Posts Tagged ‘corporate culture’



Ever since the financial crisis, it’s not uncommon to read articles and studies about trust in banking and whether trust is “up” or “down.” In the past year alone:

  • Ernst & Young reports consumer trust in banks is diminishing. September 2016
  • International Banker claims that trust is often found wanting in today’s banking relationships. December 2016
  • Edelman reports in their 2017 Trust Barometer that in the United States 60 percent of financial institutions bounded forward (in trust) six percentage points from 2016. March 2017
  • And according to The Hill, almost a decade later, public trust in financial institutions remains stubbornly low. April 2017

So is trust in banking up or down? Some of the confusion stems from a lack of definitional clarity. Without a clear(er) understanding of what “trust in banking” means, the entire sector finds itself painted with one broad brushstroke, the reading public is left in an an ever escalating state of confusion, and elevating organizational trust becomes all the more challenging.

Trust? What are we trusting banks to do, or not do? Safeguard our money, earn a good return for shareholders, protect our personal data, treat employees well, provide good customer service, or all of the aforementioned?

Banking? Can global investment banks, regional banks, and/or a local savings and loans be grouped together when discussing trust in banking? Should they be?

For seven years Trust Across America has been researching the trustworthiness and integrity of America’s largest 1500 public companies via our proprietary FACTS® Framework.



This is, by order of magnitude, the largest ongoing study ever conducted on trustworthiness and integrity at the individual corporate level. Our 2017 data concludes that the finance sector remains among the lowest in trust, with an average score of 58.



But our data also tells a more holistic and detailed story, and one that places us in a unique position to discuss trust in the banking industry. Industry is NOT destiny and those more trustworthy financial institutions suffer at the hands of their less trustworthy colleagues. And the headlines above only serve to reinforce this fact.

It’s important to give credit to companies who have earned the trust of a broad range of stakeholders. Understanding that no company is perfect, the following is a list of some of the “banks” that score a “70” or above (on a scale of 1 to 100) according to our 2017 FACTS ® Framework research. Scores in the finance sector range from 40 to 77.

  • Morgan Stanley
  • Goldman Sachs
  • KeyCorp
  • Commerce Bancshares
  • US Bancorp
  • Bank of America
  • JP Morgan Chase

Headlines don’t always report the “full” story nor do articles and studies regularly or consistently define the meaning of trust. Trust in banking isn’t necessarily “up” or “down.” The level of trustworthiness or integrity of a specific company is determined by how well leadership defines its corporate culture, and understands and embraces the value of trust in meeting the needs of every stakeholder group. Our study continues to point in the direction that trust is not only a measurable business strategy and a business differentiator, but also a direct route to long-term profitability.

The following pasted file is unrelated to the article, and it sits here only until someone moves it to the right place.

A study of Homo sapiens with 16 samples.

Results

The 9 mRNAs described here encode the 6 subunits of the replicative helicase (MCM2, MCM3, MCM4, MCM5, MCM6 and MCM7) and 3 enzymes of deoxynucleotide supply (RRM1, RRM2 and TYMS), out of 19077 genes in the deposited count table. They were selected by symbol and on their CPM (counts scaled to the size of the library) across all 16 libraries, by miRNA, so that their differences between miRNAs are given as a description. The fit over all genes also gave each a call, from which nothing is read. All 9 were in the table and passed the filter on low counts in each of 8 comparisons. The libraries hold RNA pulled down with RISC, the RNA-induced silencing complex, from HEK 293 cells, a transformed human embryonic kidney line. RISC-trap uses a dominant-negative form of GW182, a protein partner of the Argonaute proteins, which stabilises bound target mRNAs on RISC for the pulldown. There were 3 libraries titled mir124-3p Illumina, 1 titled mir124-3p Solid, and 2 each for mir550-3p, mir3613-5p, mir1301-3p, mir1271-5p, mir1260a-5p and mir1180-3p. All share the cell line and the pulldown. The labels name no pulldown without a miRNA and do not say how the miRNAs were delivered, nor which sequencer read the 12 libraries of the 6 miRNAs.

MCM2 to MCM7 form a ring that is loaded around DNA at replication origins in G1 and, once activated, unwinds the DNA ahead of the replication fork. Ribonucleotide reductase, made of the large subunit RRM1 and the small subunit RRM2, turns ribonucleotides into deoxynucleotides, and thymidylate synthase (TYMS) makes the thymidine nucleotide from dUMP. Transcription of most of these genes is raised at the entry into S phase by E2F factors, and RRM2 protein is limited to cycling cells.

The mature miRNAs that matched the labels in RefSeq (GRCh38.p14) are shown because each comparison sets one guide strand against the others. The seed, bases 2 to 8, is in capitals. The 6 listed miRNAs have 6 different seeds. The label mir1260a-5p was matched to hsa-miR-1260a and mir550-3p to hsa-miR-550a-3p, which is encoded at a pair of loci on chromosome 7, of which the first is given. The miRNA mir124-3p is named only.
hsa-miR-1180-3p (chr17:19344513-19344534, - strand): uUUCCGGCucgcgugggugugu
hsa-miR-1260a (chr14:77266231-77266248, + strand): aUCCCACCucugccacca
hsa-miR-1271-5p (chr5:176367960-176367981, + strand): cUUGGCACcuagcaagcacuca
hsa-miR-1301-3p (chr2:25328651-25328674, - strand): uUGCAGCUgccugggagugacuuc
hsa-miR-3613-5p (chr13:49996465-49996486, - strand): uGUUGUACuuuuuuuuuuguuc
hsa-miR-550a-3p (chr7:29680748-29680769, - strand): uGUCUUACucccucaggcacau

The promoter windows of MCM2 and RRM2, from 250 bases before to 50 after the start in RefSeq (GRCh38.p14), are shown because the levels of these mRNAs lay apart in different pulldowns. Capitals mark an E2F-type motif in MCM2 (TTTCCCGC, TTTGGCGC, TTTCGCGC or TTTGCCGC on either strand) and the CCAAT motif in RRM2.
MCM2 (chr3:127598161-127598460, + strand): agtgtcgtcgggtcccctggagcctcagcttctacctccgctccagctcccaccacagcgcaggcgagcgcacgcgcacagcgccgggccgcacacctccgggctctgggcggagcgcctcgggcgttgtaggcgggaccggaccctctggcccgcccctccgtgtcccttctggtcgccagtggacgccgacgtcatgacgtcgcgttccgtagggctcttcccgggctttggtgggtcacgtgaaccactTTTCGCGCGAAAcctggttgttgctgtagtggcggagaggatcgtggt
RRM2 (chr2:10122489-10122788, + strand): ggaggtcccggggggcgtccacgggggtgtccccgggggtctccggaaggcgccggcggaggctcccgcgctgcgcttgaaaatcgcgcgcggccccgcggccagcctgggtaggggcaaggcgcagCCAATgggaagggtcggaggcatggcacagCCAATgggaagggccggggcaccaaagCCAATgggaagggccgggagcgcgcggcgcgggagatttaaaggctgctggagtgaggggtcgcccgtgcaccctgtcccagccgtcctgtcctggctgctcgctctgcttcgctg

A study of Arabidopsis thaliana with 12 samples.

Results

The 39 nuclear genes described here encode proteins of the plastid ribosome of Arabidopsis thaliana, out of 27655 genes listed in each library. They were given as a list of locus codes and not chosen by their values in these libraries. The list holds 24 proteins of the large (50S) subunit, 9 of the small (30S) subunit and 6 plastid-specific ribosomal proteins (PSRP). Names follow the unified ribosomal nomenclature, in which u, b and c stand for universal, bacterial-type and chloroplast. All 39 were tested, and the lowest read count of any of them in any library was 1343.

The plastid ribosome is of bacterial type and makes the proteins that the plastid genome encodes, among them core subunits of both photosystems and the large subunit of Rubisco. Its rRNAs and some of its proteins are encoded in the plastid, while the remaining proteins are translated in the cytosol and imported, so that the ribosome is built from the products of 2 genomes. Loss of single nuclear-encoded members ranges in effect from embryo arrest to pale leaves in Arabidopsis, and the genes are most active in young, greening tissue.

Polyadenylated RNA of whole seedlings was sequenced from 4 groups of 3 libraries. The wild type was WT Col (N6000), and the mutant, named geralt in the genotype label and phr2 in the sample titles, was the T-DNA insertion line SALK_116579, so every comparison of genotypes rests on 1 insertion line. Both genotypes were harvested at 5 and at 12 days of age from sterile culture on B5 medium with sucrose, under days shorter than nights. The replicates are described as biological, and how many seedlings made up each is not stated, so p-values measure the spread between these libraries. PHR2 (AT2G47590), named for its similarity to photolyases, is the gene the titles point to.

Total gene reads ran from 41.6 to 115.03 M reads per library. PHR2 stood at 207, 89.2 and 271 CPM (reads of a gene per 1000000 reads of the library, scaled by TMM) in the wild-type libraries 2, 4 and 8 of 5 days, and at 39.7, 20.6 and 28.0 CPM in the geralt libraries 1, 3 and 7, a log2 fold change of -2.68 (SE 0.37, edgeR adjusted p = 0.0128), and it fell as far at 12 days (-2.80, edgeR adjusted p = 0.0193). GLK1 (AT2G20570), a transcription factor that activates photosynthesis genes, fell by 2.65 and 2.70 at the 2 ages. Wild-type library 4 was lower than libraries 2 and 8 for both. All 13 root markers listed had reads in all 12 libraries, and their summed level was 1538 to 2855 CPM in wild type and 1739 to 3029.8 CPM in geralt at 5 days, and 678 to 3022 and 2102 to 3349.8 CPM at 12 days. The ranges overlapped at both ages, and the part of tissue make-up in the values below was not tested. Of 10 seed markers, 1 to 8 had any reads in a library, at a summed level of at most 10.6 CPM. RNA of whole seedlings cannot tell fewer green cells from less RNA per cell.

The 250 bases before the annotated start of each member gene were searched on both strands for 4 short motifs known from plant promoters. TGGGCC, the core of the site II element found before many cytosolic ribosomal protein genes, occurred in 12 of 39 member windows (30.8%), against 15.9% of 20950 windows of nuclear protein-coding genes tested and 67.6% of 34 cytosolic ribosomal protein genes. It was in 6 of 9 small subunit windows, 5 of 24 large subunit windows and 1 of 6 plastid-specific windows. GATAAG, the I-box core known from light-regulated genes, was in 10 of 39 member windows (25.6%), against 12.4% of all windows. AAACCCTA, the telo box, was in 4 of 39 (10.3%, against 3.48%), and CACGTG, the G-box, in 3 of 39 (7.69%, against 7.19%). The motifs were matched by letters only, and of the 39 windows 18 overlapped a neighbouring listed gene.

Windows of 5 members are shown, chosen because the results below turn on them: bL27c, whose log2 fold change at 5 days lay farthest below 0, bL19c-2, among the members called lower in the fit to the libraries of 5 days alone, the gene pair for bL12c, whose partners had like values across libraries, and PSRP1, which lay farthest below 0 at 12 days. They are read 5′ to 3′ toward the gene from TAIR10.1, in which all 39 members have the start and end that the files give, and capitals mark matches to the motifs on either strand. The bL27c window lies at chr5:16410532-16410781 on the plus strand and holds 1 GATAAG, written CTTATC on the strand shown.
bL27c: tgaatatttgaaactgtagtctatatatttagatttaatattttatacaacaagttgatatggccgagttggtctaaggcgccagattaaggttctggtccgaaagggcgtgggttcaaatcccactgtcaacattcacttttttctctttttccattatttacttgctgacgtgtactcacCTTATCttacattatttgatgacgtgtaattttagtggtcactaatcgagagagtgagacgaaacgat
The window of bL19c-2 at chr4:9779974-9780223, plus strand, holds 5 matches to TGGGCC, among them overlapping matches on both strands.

Barbara Brooks Kimmel is the CEO and Cofounder of Trust Across America-Trust Around the World whose mission is to help organizations build trust. She also runs the world’s largest global Trust Alliance and is the editor of the award winning TRUST INC. book series. In 2012 she was named one of “25 Women who are Changing the World” by Good Business International, and in 2017  a Fellow of the Governance & Accountability Institute.

Purchase our books at this link

For updates on our Corporate Integrity Monitor, please join our mailing list. To be among the first to review our research and more fully engage in elevating organizational trust, please consider membership in our vetted Trust Alliance.


Copyright 2017, Next Decade, Inc.



The “Top Ten” companies are shown below.

#1 Manpower Group (MAN), human resource consulting firm

#2 Hormel Foods (HRL), food producer

#3 Jones Lang Lasalle (JLL), commercial real estate

#4 CA Technologies, Inc. (CA), computer software

#5 The Boeing Company (BA), aerospace

#6 CBRE Group (CBG), commercial real estate

#7 Capital One Financial Corporation (COF), bank holding company

#8 The Sherwin Williams Company (SHW), general building materials

#9 Lexmark International, Inc. (LXK), office equipment

#10 Delta Airlines (DAL), transportation


The full press release is reproduced here.


This week we compare the performance of this group to the S&P 500.


Are you surprised about the recent past performance of these companies against the S&P 500? We aren’t. The business case for trust has been proven once again.


One-year return for “Top 10” vs. S&P 500:  38.8% vs. 17.59%, or 120% higher.

Two-year return for “Top 10” vs. S&P 500:  65.74% vs. 33.29%, or 97% higher.

Five-year return for “Top 10” vs. S&P 500: 240% vs. 114.81%, or 109% higher.

*Returns do not include dividends but the yield is similar to the S&P 500.

*While the returns show past performance of the ten companies, a live portfolio being rebalanced monthly has a similar profile.


Investors can choose to support trustworthy companies who are doing business “well” and are also highly profitable. This creates a virtuous cycle whereby less trustworthy companies may be inclined to focus more on corporate culture and  less on quarterly returns.

For more information, tools and programs on building trust in your organization, please visit us at Trust Across America.